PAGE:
Searching is hard. Fortunately, we are happy to share some tips and tricks that can help create a better search.
Start with a good search statement:
This may be the most difficult part of your search, but getting it right will prove invaluable. Figure out your concept. While doing background research, take note of the key terms used in the literature on that concept, then identify synonyms of those key terms. Use those words to build your search statement. Start with a general search that will allow you to see how much information is available on your concept and how well your search terms are working. Depending on the results, you can always narrow or expand the search.
Find a better search term
Sometimes the word you search for is not the best word, but you have trouble thinking of a better term. One of the easiest solutions is to find a search result that is close to what you need and then look for the “controlled vocabulary,” which will indicate a term that has been selected as the “preferred” word for describing a concept. In the catalog and databases, this will usually show up under Subject. Another good solution is to find a Reference resource, using the index to find your concept. Use the terms in that resource to build your search.
Ask the Librarians for help
These are some of the best tips and tricks we have to offer, but there may be others that are even better for your particular research need. Or you may have trouble figuring out how to use one of these tools or commands. They can be hard to find and tricky to use. Contact us for help. That’s what we are here for.
Use database and catalog shortcuts:
The catalog and many databases have built-in shortcuts that can help you more effectively target a search. Keep in mind that every database is different, so check the Help and Tutorial buttons that are available for further information. Listed below are some of the common shortcuts:
Search for all variants of a term
You may want your search to include multiple spellings (color or colour), tenses (jump, jumps, jumping), or noun endings (dog, dogs; America, American). To find each variant, use a shortcut called “truncation”. This refers to placing a symbol, known as a “wildcard” in place of either one or multiple characters in your term. The symbols are different from database to database, but most common is an asterisk (*) or a question mark (?). Here are some example searches based on the samples above: col*r, jump*, dog*, and America*. As you can see the symbol can be placed either inside or at the end of the word. Some databases (and the catalog) specify how many characters a wildcard can replace.
A bedrock of library research is “Boolean Operators”, which allow you to combine terms in ways targeted to specific results. There are three Boolean Operators: AND, OR, and NOT. Combining terms with AND narrows a search, because the search must return only those results with all of the terms. The more terms combined with AND, the narrower your results will be. Combining terms with OR broadens a search, because the search must return results either of one term or the other. OR is especially useful when searching synonyms. Combining terms with NOT eliminates some results, because the search returns results for one term but not the other term.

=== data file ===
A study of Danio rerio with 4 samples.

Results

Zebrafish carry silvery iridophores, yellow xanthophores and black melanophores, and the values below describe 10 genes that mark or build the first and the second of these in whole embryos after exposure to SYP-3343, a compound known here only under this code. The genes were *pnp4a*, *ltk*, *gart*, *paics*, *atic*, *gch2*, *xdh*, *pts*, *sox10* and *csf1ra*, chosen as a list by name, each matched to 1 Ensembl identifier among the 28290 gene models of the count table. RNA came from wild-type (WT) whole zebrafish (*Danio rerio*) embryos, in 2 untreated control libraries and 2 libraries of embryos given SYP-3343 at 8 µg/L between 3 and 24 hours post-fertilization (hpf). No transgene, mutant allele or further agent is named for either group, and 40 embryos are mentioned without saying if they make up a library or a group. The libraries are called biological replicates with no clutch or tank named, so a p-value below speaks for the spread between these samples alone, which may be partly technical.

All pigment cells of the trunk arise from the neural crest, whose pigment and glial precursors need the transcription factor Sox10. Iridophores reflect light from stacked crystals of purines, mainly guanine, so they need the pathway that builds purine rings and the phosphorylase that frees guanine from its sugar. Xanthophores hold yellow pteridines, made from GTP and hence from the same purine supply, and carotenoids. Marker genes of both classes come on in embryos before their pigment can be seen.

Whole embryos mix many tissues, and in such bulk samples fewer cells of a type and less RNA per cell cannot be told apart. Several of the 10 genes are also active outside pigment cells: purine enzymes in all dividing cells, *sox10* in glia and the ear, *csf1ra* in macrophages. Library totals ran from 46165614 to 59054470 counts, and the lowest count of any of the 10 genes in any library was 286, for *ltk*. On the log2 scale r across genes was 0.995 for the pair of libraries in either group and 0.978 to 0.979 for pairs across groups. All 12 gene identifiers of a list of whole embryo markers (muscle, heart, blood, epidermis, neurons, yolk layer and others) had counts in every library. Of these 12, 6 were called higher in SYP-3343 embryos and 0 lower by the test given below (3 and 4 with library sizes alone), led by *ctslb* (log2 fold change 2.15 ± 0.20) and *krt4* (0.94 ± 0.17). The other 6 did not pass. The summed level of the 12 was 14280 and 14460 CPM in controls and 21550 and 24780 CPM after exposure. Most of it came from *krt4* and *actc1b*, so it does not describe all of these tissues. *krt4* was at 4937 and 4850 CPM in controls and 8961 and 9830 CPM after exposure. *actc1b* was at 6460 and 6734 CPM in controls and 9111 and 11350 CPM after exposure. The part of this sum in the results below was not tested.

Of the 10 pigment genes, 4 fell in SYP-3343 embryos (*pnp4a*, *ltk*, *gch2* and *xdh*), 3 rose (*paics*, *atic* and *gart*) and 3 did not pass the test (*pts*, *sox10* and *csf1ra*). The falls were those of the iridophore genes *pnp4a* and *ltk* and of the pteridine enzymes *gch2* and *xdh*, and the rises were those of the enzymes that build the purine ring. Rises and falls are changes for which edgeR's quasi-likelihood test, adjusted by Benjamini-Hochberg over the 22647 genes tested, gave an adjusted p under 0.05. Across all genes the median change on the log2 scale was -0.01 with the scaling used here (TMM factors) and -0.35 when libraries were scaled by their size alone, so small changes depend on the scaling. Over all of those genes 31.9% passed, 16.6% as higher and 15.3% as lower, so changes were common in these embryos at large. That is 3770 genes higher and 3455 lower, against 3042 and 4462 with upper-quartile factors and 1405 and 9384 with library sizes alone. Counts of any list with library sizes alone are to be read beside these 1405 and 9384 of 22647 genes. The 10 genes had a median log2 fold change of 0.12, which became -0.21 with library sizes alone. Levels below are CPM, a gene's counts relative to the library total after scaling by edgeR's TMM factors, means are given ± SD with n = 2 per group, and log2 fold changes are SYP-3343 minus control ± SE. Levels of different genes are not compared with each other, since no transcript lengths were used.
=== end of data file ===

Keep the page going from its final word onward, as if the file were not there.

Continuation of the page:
Search for an exact phrase
A keyword search includes all your terms, but not in the order the terms were written. But the order of terms can make a big difference to your search. Keyword searches also ignore very common words (called “stop words”) like the or a that may be important to a search. To include all terms, and keep them in order, do a “phrase search” by enclosing terms in quotation marks.
Search for one term within close proximity of another term
Sometimes your search will require finding one word near another one. To do this use “proximity operators” that combine search terms while indicating how close together they should be. A near operator tells the database that two terms should be close to each other, usually within ten words of each other. Sometimes a database will use a symbol, such as a tilde (~), for the operator. Here are some examples: international near conference or "international conference"~10. A variation on this search is the within operator that allows you to specify the maximum number of words that can appear between search terms. Within 10 and near are equivalent. An example of this is fractal within 3 geometry.
Have a citation? Find the item quickly
If you know the title of the book you need, do a title search in the catalog. If you know of a specific article, search for the title of the journal in the catalog. This will indicate if we have access to that journal, what years we have access to, and in what format (database or paper). If we have access through a database, it will also provide a link directly to that title in the database, so that you can find your article by drilling down through year, then volume, then issue.
Find full text if a database doesn’t provide it
Use Find Full Text, a link that should show up in most database results. If the full text is available in another of the library’s databases, there will be a link directly to that record: one link for each database. If full text is not available, there is a link allowing you to request the article through ILL.